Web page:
Climate Change and Mindfulness in 2021
As President Biden recently inferred, climate change left unchanged and free to wreak havoc on our lives, is one of the most dangerous forces we face. As deadly as the pandemic, and over time more completely destructive of quality of life, more consuming of wealth, and used as a force of international terrorism, it portends mass ruination on a global scale. The planet heating up and the effects on the oceans, are problems we have ignored for way too long.
We are all suffering and being overwhelmed by nature’s reactions. From the melting of the Polar ice caps, some of the land sinking and the oceans rising; to the floods, hurricanes, and tornadoes that are stronger and fiercer than ever before; to the raging fires in the Western US and the gigantic bushfires in Australia, “what you sow, ye shall reap”. Our continued indulging and overuse of carbon intensive processes promises more trouble and deaths. This state of fact can be depressing but yet calls us to action.
One of the ways of understanding the Buddhist path is that it’s about deconstructing and reconstructing the self, or, more precisely, the relationship between the self and its world. And as we start to wake up and realize that we are not separate from each other, nor from this wondrous Earth, we also begin to realize that the ways we live together, and the ways we relate to mother Earth, also need to be reconstructed. That means finding ways to address the problematic economic and political structures—the institutionalized forms of greed, ill will, and delusion described by Zen teacher and author David Loy and that are deeply implicated in the eco-crisis.
This can all be corrected with truthfulness and facing the real issues: awareness of what the causes of the problems are, a commitment to turn to new sources of renewable energy that will not add to but diminish outdated and outmoded uses of energy (like oil and gas) powering our lifestyles. Another major profit of this alteration will be the enormous number of new green jobs that it will provide. Turning to wind, solar, water, and electrical power to sustain our energy needs are the right steps in the right direction that the Dalai Lama, the venerable Bhikku Bodhi, Greta Thunberg, Insight Meditation teachers like James Baraz, Jack Kornfield, and hundreds of scientists are advocating for, holding convocations and summits on how to adapt to these new realities. Actions like these, taken on a massive scale by many individuals walking in the same footsteps can lead us to the end of much of our unnecessary suffering.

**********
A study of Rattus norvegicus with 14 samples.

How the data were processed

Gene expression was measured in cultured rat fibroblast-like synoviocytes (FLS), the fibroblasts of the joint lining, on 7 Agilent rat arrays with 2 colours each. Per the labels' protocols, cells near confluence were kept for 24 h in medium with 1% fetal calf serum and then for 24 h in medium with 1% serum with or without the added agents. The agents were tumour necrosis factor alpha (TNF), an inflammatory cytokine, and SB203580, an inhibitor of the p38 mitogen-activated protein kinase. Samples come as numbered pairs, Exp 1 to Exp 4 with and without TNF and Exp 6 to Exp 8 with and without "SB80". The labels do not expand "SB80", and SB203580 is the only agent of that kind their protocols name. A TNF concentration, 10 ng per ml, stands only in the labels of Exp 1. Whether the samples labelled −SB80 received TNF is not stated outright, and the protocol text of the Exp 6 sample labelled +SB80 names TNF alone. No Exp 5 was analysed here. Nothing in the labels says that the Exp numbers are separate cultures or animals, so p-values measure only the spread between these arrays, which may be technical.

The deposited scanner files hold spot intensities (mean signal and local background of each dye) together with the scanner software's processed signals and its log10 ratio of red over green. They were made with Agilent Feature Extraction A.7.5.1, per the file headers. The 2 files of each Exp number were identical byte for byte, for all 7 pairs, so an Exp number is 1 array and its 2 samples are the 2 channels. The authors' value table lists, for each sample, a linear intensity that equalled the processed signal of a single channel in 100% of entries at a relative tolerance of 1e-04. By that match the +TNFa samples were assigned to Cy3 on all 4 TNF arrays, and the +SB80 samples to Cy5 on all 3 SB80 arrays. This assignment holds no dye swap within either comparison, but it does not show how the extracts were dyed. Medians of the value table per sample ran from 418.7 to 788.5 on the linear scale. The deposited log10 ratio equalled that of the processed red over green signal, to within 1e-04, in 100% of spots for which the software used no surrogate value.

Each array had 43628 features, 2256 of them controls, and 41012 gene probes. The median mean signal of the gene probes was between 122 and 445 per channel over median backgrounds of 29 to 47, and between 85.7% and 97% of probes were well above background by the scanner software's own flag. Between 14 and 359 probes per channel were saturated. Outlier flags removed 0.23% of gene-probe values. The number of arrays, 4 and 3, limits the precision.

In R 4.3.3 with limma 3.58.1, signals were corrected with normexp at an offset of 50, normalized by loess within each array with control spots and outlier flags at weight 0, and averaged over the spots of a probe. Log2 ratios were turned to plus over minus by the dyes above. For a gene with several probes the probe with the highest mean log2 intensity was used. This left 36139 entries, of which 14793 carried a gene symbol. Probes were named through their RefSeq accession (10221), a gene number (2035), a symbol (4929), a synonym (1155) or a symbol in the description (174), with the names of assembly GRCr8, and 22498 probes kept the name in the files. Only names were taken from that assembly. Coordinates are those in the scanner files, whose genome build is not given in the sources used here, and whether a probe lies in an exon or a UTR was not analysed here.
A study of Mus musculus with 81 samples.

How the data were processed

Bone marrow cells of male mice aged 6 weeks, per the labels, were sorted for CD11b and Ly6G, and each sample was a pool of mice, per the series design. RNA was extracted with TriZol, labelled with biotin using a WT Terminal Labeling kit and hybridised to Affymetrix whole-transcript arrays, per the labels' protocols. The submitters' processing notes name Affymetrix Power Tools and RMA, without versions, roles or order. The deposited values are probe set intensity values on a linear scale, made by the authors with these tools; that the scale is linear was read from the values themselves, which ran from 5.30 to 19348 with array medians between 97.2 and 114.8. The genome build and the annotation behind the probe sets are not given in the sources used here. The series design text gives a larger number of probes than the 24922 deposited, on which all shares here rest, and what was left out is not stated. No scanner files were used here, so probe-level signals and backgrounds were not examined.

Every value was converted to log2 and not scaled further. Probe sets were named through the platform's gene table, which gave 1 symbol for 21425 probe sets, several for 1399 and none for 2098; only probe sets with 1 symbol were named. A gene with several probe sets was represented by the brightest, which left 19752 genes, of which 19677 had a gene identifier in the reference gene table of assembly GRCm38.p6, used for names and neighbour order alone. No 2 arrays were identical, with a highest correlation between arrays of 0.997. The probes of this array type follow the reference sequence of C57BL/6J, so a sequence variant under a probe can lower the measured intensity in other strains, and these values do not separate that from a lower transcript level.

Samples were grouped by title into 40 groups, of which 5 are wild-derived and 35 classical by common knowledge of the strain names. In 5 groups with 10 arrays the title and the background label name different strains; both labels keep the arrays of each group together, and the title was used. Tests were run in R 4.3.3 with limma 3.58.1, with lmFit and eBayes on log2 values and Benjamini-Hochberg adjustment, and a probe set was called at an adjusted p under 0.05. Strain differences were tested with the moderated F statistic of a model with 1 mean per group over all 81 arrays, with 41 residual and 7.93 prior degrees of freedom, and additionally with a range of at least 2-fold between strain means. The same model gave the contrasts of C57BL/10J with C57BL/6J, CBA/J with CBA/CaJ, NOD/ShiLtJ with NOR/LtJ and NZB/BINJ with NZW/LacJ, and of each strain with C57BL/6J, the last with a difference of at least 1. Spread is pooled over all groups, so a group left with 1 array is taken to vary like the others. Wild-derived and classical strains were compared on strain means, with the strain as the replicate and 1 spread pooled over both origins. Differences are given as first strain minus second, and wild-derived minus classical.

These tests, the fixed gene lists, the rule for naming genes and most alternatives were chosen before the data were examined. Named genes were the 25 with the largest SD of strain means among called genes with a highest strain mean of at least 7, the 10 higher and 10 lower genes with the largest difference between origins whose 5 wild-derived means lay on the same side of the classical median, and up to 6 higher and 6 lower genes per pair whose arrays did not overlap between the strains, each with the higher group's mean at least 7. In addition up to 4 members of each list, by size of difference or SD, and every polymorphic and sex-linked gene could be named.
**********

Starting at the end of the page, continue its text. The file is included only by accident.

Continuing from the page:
April 22nd was Earth day, awakening to the meaning of this day and remembering our dependence on mother earth and all she gives, provides, and bears can help us to make wise choices in our lives for the sake of our health and all the beings that inhabit it.
“Remember the sky that you were born under,
know each of the star’s stories.
Remember the moon, know who she is.
Remember the sun’s birth at dawn, that is the
strongest point of time. Remember sundown
and the giving away to night.
Remember your birth, how your mother struggled
to give you form and breath. You are evidence of
her life, and her mother’s, and hers.
Remember your father. He is your life, also.
Remember the earth whose skin you are:
red earth, black earth, yellow earth, white earth
brown earth, we are earth.
Remember the plants, trees, animal life who all have their
tribes, their families, their histories, too. Talk to them,
listen to them. They are alive poems.
Remember the wind. Remember her voice. She knows the
origin of this universe.
Remember you are all people and all people
Remember you are this universe and this
universe is you.
Remember all is in motion, is growing, is you.
Remember language comes from this.
Remember the dance language is, that life is.
— Joy Harjo, Remember
Consider making 2021 your year for embracing actions that will preserve and heal our precious earth, our home.